Yesterday, my friend Beth and I went to the supermarket in wine country California. I always like going to the supermarket in different countries because they’re a testament to the kind of people who live somewhere relatively alien to you; a secret glimpse of a world you too could be a part of.
Now… I’m still a bit jetlagged but I’m pretty sure I haven’t shrunk. Everything in this supermarket was massive. I’m talking HUGE. I felt very small walking around this supermarket and should I become a part of this new America, I think I’d need to employ my own colonic doctor from Ubud to follow me around with a hosepipe.
To demonstrate my point, I took a photo of a fridge. As you can see I have placed my foot in the bottom of the frame, to give you a sense of perspective.
I’ve never seen a hunk of meat that big, have you? The turkeys in the bottom look like they’ve been zapped in one of those sci-fi mutation machines, and the corn dogs? Well, I don’t think I’ve ever attempted to put anything that large in my mouth, and I’m a pretty experimental person. I mean, I’ve been known to take risks.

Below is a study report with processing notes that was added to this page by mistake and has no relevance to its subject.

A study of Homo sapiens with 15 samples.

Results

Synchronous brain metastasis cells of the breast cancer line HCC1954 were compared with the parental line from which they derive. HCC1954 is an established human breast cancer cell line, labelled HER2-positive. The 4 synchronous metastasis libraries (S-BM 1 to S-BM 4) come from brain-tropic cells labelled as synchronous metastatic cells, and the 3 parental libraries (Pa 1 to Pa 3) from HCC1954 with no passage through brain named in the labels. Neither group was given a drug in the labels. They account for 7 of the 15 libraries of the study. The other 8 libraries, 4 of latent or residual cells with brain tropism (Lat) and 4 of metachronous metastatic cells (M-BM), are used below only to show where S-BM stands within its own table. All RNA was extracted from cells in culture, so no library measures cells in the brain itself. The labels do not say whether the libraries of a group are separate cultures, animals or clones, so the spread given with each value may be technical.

People say obese people are lazy and have no self-respect. Well, here in California I don’t think it’s their fault. I happen to think they don’t actually KNOW how big they are. When you have to stand next to (and consume) produce that’s practically the same size as yourself, you start to lose track of what’s real. All sense of perspective goes out the window.
“I’m not large, my bag of rippled, ruffled rib steak smokehouse chips is just too damn small yo! No need for that chip clip man, I’ma gonna eat me a whole bag now!”
“And for dessert? Well, I’m kinda busy and my doctor says I should diet, so I’ll just put something that tastes like dessert in my mouth and go for another session on the sofa, watching workout videos! Gimme that Apple Pie gum yo!”
God bless America. It’s one of my favourite countries, the homely port that’s always shone a more welcoming beam for me than the UK, somehow. Perhaps I was American in my last life, but every time I come here I feel like I’m home.
Well… I used to. Nowadays, I feel a bit too little.